By Steve Powell
EVERETT – Everyone has heard of Running Start but Everett Community College also has a program to help students at the other end of the spectrum.
Running Start helps excelling students get an early start on college. The Youth Re-engagement Program (U3) helps at-risk youth attend college for free.
About 200 students are in the program at any one time. Four of them from the Marysville and Arlington areas talked it this week.
Max Tinsley, 21, of Arlington said signing up for U3 was the “best choice I ever made.”
He admitted her did not always make good choices. “I made poor choices in my early teen years,” he said. Challenges with his family also were an obstacle, he said. When he was a senior, he only had the amount of credits a freshman should have.
When he was a junior, he took a leadership class that finally sparked his interest, but he thought it was too late.
As he started U3, he realized high school “did not challenge me. There’s a higher level of accountability in college. That was enticing to me.”
He started off in computer science, but has changed to environmental science and sustainability. He plans to transfer to Western Washington University, which he said has the No. 6 program in the nation for his field. Tinsley said he picked the wrong crowd early in life, and it took him awhile to mature.
“I love information. I love to learn. I had to figure myself out more,” he said.
Tinsley said he is involved in the student life on campus, working at a job there. “It opens up a lot of doors,” he said of the U3 program.
Sam Hogue, 20, of Tulalip was homeschooled, but at age 14 wanted to try public school as a freshman. “The other students were a distraction,” she said. “It was stressful.” Hogue said she knew college was next, but she was afraid. “I felt stuck. The money was too big of a challenge,” she said.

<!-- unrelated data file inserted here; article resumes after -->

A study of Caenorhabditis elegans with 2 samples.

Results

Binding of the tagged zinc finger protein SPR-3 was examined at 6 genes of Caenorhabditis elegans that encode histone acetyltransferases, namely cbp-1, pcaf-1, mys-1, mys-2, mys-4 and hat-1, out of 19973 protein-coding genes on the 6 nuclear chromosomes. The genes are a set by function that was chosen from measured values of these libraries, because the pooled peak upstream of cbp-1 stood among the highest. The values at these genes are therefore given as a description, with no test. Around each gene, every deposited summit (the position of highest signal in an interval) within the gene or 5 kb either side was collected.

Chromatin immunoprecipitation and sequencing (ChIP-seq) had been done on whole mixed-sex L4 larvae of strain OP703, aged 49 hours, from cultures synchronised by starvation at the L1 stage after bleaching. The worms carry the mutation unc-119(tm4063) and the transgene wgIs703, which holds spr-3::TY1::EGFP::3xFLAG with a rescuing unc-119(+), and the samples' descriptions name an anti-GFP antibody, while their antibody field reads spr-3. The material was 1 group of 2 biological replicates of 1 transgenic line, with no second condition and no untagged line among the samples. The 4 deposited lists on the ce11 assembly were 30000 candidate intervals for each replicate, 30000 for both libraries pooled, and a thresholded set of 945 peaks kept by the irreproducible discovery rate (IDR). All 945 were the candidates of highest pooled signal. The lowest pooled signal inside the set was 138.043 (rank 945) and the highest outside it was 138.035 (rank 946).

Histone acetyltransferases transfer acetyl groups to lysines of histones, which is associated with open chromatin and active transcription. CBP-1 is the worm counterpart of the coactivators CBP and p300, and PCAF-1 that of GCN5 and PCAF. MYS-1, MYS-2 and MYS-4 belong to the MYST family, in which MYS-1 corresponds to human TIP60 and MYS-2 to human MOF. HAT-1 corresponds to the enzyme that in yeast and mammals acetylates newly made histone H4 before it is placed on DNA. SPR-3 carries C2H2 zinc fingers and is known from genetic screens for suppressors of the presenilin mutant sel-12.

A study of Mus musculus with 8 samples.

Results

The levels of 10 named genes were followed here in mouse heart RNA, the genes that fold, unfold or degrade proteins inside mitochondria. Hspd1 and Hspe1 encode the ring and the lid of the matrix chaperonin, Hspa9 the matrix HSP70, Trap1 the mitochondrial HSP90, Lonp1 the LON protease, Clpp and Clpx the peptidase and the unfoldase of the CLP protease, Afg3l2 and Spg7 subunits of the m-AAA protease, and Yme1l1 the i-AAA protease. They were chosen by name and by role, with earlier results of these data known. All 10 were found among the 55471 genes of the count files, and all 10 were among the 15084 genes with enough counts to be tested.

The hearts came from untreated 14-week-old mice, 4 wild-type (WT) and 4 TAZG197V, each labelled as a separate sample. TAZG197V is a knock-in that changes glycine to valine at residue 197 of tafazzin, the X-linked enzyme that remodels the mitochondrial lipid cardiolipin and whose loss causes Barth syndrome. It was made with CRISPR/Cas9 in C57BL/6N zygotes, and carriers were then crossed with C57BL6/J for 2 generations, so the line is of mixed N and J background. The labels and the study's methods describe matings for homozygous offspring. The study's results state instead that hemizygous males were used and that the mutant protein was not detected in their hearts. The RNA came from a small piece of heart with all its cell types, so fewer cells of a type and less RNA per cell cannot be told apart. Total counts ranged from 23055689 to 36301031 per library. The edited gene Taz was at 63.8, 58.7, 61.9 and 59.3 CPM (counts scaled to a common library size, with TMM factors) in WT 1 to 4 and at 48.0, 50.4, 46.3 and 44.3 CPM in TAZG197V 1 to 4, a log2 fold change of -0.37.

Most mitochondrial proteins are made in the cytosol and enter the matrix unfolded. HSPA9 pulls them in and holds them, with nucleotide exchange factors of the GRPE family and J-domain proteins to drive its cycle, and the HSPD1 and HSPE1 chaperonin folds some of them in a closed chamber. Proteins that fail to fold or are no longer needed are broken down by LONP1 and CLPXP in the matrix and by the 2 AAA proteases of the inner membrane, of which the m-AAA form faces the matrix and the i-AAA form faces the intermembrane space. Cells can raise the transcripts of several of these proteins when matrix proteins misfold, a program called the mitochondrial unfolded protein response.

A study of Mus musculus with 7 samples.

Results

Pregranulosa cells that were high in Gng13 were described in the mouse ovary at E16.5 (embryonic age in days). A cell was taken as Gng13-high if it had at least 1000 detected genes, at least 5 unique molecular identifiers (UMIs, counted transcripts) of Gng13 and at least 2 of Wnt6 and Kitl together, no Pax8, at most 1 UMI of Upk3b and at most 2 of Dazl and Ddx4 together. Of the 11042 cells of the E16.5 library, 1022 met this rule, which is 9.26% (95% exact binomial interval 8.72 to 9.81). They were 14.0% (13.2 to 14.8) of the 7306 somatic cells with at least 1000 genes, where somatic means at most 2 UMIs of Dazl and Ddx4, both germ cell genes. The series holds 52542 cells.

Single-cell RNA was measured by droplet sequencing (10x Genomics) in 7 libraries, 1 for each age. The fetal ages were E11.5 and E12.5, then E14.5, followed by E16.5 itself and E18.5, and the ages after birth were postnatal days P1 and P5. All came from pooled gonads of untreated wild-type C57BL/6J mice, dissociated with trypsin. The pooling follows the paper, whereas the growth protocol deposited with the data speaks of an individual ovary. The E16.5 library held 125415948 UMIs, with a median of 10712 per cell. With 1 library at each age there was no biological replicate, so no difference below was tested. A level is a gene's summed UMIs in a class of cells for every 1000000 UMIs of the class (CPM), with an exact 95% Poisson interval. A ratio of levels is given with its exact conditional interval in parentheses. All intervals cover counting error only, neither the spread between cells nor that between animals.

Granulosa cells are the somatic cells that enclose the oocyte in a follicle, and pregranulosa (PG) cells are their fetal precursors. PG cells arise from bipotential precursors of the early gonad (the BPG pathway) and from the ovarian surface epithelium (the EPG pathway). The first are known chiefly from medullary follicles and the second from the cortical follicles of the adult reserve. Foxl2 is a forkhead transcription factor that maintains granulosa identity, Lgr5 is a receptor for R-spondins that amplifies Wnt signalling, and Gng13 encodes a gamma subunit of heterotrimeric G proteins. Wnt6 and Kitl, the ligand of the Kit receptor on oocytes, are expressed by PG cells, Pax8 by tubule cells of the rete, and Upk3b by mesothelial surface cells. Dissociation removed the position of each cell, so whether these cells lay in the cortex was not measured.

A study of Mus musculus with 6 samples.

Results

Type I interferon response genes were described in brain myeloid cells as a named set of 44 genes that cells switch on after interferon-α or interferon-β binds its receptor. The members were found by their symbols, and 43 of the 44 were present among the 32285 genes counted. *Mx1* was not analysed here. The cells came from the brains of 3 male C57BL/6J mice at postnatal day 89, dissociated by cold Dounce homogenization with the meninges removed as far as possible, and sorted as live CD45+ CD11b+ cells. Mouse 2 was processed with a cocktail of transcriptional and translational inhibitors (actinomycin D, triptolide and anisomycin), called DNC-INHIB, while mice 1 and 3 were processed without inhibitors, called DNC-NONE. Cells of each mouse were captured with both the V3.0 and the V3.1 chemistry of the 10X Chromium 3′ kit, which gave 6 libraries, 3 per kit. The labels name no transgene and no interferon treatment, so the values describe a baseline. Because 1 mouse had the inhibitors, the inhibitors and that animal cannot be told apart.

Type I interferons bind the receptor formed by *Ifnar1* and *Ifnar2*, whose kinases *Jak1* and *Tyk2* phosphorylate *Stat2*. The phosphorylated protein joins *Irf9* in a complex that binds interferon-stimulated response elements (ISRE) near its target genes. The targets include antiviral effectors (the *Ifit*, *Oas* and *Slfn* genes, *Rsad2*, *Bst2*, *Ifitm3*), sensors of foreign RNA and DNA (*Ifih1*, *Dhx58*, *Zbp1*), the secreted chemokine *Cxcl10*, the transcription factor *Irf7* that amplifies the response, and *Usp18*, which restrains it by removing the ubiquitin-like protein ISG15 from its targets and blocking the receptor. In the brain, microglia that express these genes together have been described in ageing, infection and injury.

She applied and was accepted into U3. She got her General Equivalancy Degree last summer, and is now working on prerequites for nursing. She wants to get her bachelor’s degree from Washington State University. Hogue recommends the program to anyone. “It’s a real life-changer,” she said. “There’s nothing to lose.” Hogue said it’s better than high school. “There are no cliques. You get out what you put into it.”
Although the youngest of the students, Nate Anderson, 19, of Marysville has been in the program the longest, three years.
Like Tinsley, he said he had family issues and made some bad choices, like skipping school. He couldn’t see the purpose. “Why are we reading Shakespeare?” he said. He decided he wanted to go into psychology, but now wants to be an English teacher. He also plans to transfer to Western.
Anderson said the high school environment almost challenges students to be defiant. But students at EvCC are more mature.
“They’re older, more balanced and mature. You can be yourself. They don’t judge,” he said.
Gabe Wiebe-Wright, 22, also of Marysville, has graduated from the U3 program and is now a tutor. He attended an alternative high school, but quit and joined U3 at age 17. At first he thought it would be “lots of pointless hoops to jump through.” The first quarter he found that it wasn’t hard but there was a lot of homework. “I decided I had to make some sacrifices,” he said. “They needed something from me, and the investment was worth it.”
He started out in engineering, “because they made the most money,” but has since changed to Sustainable Farming. He has earned his associate’s degree.
All four said many students drop out of each cohort. But Wiebe-Wright said he has seen many of them return to college.
He said U3 helped to “kick start” their interest in education.